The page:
Friday~ Jan. 17, 2014
|Ortho Resident’s Office, Medical Park 2|
Frederick N. Meyer, M.D., Professor and Chair
Medical Park 2, 251-665-8251
Informal Description of the Clinical Discipline
Orthopaedic surgery focuses on the diagnosis and treatment of injured, deformed or diseased parts of the musculoskeletal system. Specialists in this field employ medicine, surgery and physical rehabilitation to restore normal function. Orthopaedic surgeons may engage in a broad practice or may focus on a narrower area of special interest, such as hand surgery, sports medicine, joint replacement, spine, foot and ankle and pediatric orthopaedic trauma.
Specialists treat patients of all ages and both sexes, mostly on a short-term basis. Because many of their patients have been involved in accidents, orthopaedic surgeons often must devote time to assessing disability in legal actions.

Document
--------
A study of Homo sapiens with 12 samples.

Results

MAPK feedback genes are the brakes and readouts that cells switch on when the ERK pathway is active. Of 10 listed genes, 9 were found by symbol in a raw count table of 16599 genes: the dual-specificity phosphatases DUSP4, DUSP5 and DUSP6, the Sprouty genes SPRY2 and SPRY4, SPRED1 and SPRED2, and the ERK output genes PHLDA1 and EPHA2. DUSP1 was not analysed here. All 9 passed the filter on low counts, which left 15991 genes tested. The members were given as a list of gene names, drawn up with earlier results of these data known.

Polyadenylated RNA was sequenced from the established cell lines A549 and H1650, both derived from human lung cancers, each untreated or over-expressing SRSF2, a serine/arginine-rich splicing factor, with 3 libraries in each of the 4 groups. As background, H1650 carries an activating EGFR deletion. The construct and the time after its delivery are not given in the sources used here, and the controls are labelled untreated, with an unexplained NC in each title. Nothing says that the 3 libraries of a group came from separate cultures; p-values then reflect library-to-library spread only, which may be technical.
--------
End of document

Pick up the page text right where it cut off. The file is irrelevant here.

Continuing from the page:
Orthopaedic surgeons are mechanically minded, fascinated by tools and gadgets, and enjoy “fixing things”. They find satisfaction in their ability to attain good results relatively quickly for most of their patients. They believe their work is fun, challenging, worthwhile, and demanding. Orthopaedics is a dynamic field with constant updating of techniques and equipment.
Orthopaedics is an extremely competitive specialty. It is difficult, although not impossible, for students in the lower two-thirds of their class to get into orthopaedic surgery residency programs. It is also important for students to have good Board scores.
Upon completion of residency training, orthopaedists may choose to practice general orthopaedics or sub-specialize. There are numerous choices of orthopaedic sub-specialty fellowships, and good residents are very likely to attain a fellowship position in their sub-specialty field of interest.
Currently, there are a variety of orthopaedics practice opportunities in almost any area of the country. Income may vary by region, but it is almost always lucrative.